Foveal hypoplasia and optic nerve misrouting are developmental defects of the visual pathway and only co-occur in connection with albinism; to date, they have only been associated with defects in the melanin-biosynthesis pathway. Here, we report that these defects can occur independently of albinism in people with recessive mutations in the putative glutamine transporter gene SLC38A8. Nine different mutations were identified in seven Asian and European families. Using morpholino-mediated ablation of Slc38a8 in medaka fish, we confirmed that pigmentation is unaffected by loss of SLC38A8. Furthermore, by undertaking an association study with SNPs at the SLC38A8 locus, we showed that common variants within this gene modestly affect foveal thickness in the general population. This study reveals a melanin-independent component underpinning the development of the visual pathway that requires a functional role for SLC38A8.

Pubmed ID: 24290379 RIS Download

Mesh terms: Albinism | Amino Acid Transport Systems, Neutral | Animals | Child | Consanguinity | DNA Mutational Analysis | Female | Fovea Centralis | Genes, Recessive | Homozygote | Humans | Male | Mutation | Optic Nerve | Pedigree | Phenotype | Syndrome


Database as central repository for both single base nucleotide substitutions and short deletion and insertion polymorphisms. Distinguishes report of how to assay SNP from use of that SNP with individuals and populations. This separation simplifies some issues of data representation. However, these initial reports describing how to assay SNP will often be accompanied by SNP experiments measuring allele occurrence in individuals and populations. Community can contribute to this resource.


Database that provides a comprehensive, integrated, non-redundant, well-annotated set of sequences, including genomic DNA, transcripts, and proteins. It provides a stable reference for genome annotation, gene identification and characterization, mutation and polymorphism analysis (especially RefSeqGene records), expression studies, and comparative analyses. Included are sequences from plasmids, organelles, viruses, archaea, bacteria, and eukaryotes. Each RefSeq is constructed wholly from sequence data submitted to the International Nucleotide Sequence Database Collaboration (INSDC). It is a unique resource because it provides a large, multi-species, curated sequence database representing separate but explicitly linked records from genomes to transcripts and translation products, as appropriate. Unlike the sequence redundancy found in the public sequence repositories that comprise the INSDC, (i.e., NCBI's GenBank, the European Nucleotide Archive, and the DNA Data Bank of Japan), the RefSeq collection aims to provide, for each included species, a complete set of non-redundant, extensively cross-linked, and richly annotated nucleic acid and protein records. It is recognized, however, that the coverage and finishing of public sequence data varies from organism to organism so intermediate genomic records are provided in some circumstances. The RefSeq collection is available without restriction and can be retrieved in several different ways, such as by searching or by available links in NCBI resources, including PubMed, Nucleotide, Protein, Gene, and Map Viewer, searching with a sequence via BLAST, and downloading from the RefSeq FTP site.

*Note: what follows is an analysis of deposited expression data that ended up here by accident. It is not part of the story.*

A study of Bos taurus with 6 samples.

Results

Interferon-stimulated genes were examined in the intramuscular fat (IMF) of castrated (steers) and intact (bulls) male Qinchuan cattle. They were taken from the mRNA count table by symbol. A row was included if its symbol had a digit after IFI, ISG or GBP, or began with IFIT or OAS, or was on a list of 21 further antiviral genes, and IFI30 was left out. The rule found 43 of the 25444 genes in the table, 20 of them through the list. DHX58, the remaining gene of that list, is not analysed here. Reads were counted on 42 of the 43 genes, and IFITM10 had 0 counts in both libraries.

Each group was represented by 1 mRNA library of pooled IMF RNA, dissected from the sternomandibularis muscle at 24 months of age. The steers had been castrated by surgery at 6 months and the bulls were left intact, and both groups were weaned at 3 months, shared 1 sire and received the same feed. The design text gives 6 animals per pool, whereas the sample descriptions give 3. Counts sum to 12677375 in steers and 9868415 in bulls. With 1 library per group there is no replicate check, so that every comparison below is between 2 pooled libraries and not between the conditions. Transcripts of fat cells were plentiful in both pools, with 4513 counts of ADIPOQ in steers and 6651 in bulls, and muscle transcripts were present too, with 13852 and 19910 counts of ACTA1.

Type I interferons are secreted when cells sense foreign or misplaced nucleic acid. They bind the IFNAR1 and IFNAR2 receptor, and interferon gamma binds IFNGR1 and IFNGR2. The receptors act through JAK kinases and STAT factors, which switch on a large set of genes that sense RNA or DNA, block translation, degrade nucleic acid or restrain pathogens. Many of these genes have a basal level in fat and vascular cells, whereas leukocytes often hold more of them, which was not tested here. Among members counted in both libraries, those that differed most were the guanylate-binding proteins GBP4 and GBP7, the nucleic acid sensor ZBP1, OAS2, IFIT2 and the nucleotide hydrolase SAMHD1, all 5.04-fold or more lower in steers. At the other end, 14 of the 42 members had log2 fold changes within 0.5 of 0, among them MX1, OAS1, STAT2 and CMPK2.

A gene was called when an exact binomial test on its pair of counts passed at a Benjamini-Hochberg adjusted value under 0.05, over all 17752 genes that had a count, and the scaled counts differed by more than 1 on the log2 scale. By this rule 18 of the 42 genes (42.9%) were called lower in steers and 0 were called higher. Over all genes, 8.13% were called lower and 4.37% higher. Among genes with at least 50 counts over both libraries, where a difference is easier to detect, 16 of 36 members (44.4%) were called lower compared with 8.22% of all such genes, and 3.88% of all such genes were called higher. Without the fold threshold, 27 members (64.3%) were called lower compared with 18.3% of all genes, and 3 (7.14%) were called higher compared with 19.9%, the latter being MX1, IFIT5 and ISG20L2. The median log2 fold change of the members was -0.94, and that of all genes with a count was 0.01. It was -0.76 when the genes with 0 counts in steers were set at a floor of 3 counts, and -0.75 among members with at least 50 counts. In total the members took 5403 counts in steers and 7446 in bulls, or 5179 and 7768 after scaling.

A collection of genomes which include reference sequences and working draft assemblies, as well as a variety of tools to explore these sequences. The Genome Browser zooms and scrolls over chromosomes, showing the work of annotators worldwide. The Gene Sorter shows expression, homology and other information on groups of genes that can be related in many ways. Blat quickly maps your sequence to the genome. The Table Browser provides access to the underlying database. VisiGene lets you browse through a large collection of in situ mouse and frog images to examine expression patterns. Genome Graphs allows you to upload and display genome-wide data sets. Also provided is a portal to the Encyclopedia of DNA Elements (ENCODE) and Neandertal projects.


Collection of human genes and genetic phenotypes, focusing on the relationship between phenotype and genotype. The full-text, referenced overviews in OMIM contain information on all known mendelian disorders and a variety of related genes. It is updated daily, and the entries contain copious links to other genetics resources.